Meta EU ad-free subscription: "Privacy for the rich"

This picture taken on April 27, 2023 in Toulouse, southwestern France, shows a screen displaying the Meta logo and the European flag.

Less than a month after its launch, Meta's ad-free subscription for European users is facing its first privacy troubles in the EU.

Austria-based digital rights group Noyb (stylized as noyb) filed a complaint to the country's data protection authority on November 28, 2023, warning that such a model will make privacy an exclusive right "for the rich."

The organization is now urging the Austrian privacy protection body to initiate the procedure to halt what it deemed as an "illegal processing."

Pricey ad-free plans for Facebook and Instagram

Officially launched at the start of November, Facebook and Instagram users in the EU, EEA, and Switzerland can now opt out of all advertisements across the two platforms by paying a subscription fee—and it's not cheap.

Users must be at least 18 years old to sign-up. They can choose between the cheaper desktop plan for a monthly fee of €9.99, or its smartphone counterpart of €12.99 a month. Until March 1, 2024, the fee will cover all linked profiles in a user’s Accounts Center. After that, a €6 supplement on desktop and €8 on iOS/Android will be applied. Let's face it, that's not something that everyone who cares about their privacy can really afford.

In its official announcement, Meta describes the new subscription model as a way to balance "the requirements of European regulators while giving users choice and allowing Meta to continue serving all people in the EU, EEA and Switzerland." However, according to noyb, data privacy should be a right accessible to anyone—no matter their bank account.

Max Schrems, Chairman at noyb, said: "Fundamental rights are usually available to everyone. How many people would still exercise their right to vote if they had to pay € 250 to do so? There were times when fundamental rights were reserved for the rich. It seems Meta wants to take us back for more than a hundred years."

Attempt to circumvent privacy laws?

The high price of Meta's ad-free plans isn't the only thing troubling the digital rights group. Advocates also feel that Meta is, once again, trying to bypass its obligations of protecting users' data ruled out by EU laws.

"EU law requires that consent is the genuine free will of the user," explained Felix Mikolasch, data protection lawyer at noyb. "Contrary to this law, Meta charges a 'privacy fee' of up to €250 per year if anyone dares to exercise their fundamental right to data protection."

Mikolasch especially refers to GDPR rules, for which all online services must allow any user to opt-out from online tracking and personalized advertising—without the need to pay for this. The Union also introduced fresh new obligations for big tech companies recently. Under the Digital Services Act (DSA), the likes of Meta, TikTok, Twitter, Google and Microsoft are forbidden from carrying on certain manipulative advertising practices, among other rules.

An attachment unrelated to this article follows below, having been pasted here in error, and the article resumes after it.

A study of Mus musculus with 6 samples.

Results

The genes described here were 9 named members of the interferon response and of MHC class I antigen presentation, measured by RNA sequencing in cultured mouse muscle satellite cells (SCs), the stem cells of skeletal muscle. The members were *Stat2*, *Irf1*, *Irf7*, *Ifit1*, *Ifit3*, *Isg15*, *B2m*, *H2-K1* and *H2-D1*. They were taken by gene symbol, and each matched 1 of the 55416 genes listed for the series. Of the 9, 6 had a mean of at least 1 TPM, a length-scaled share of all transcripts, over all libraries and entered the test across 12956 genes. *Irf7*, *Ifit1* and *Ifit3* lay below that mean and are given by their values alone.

Things get even more sinister when you consider that the social media giant isn't averse to getting into trouble with EU authorities for misusing users data. In January, Meta was fined €390 million for its ad and data handling practices—a legal procedure initiated precisely by a 2018 noyb's complaint. Then, a record $1.3 billion fine hit the company in May for unlawfully transferring EU users data to the US.

It's under this climate that privacy advocates at noyb see Meta's ad-free subscription model as yet another attempt to circumvent EU privacy laws.  

(Image credit: Shutterstock/Bloomicon)

If all this wasn't already enough, noyb also fears that Meta's decision could set a dangerous precedent that may cause a domino effect within the industry. The privacy-infamous TikTok already confirmed to be testing ad-free subscription outside the US, in fact—TechCrunch reported.

Considering that, according to Google, an average person has around 35 apps installed on their phone, online privacy could soon become a very expensive commodity that only a tiny fraction of the population would be able to afford.

"More than 20% of the EU population are already at risk of poverty. For the complainant in our case, as for many others, a ‘Pay or Okay’ system would mean paying the rent or having privacy," said Schrems.

All this means that most people will then have to renounce their right to privacy, despite a 2019 survey suggesting that only 3 to 10% of users actually agree with their personal data to be used for targeted advertising. This so-called 'Pay or Okay' system heavily clashes with the "freely given" privacy right promoted by the GDPR and many other data protection laws. 

Scherms said: "When 3% of people actually want to swim, but 99.9% end up in the water, every child knows that it wasn’t a 'free' choice. It’s neither smart nor legal—it’s just pitiful how Meta continues to ignore EU law."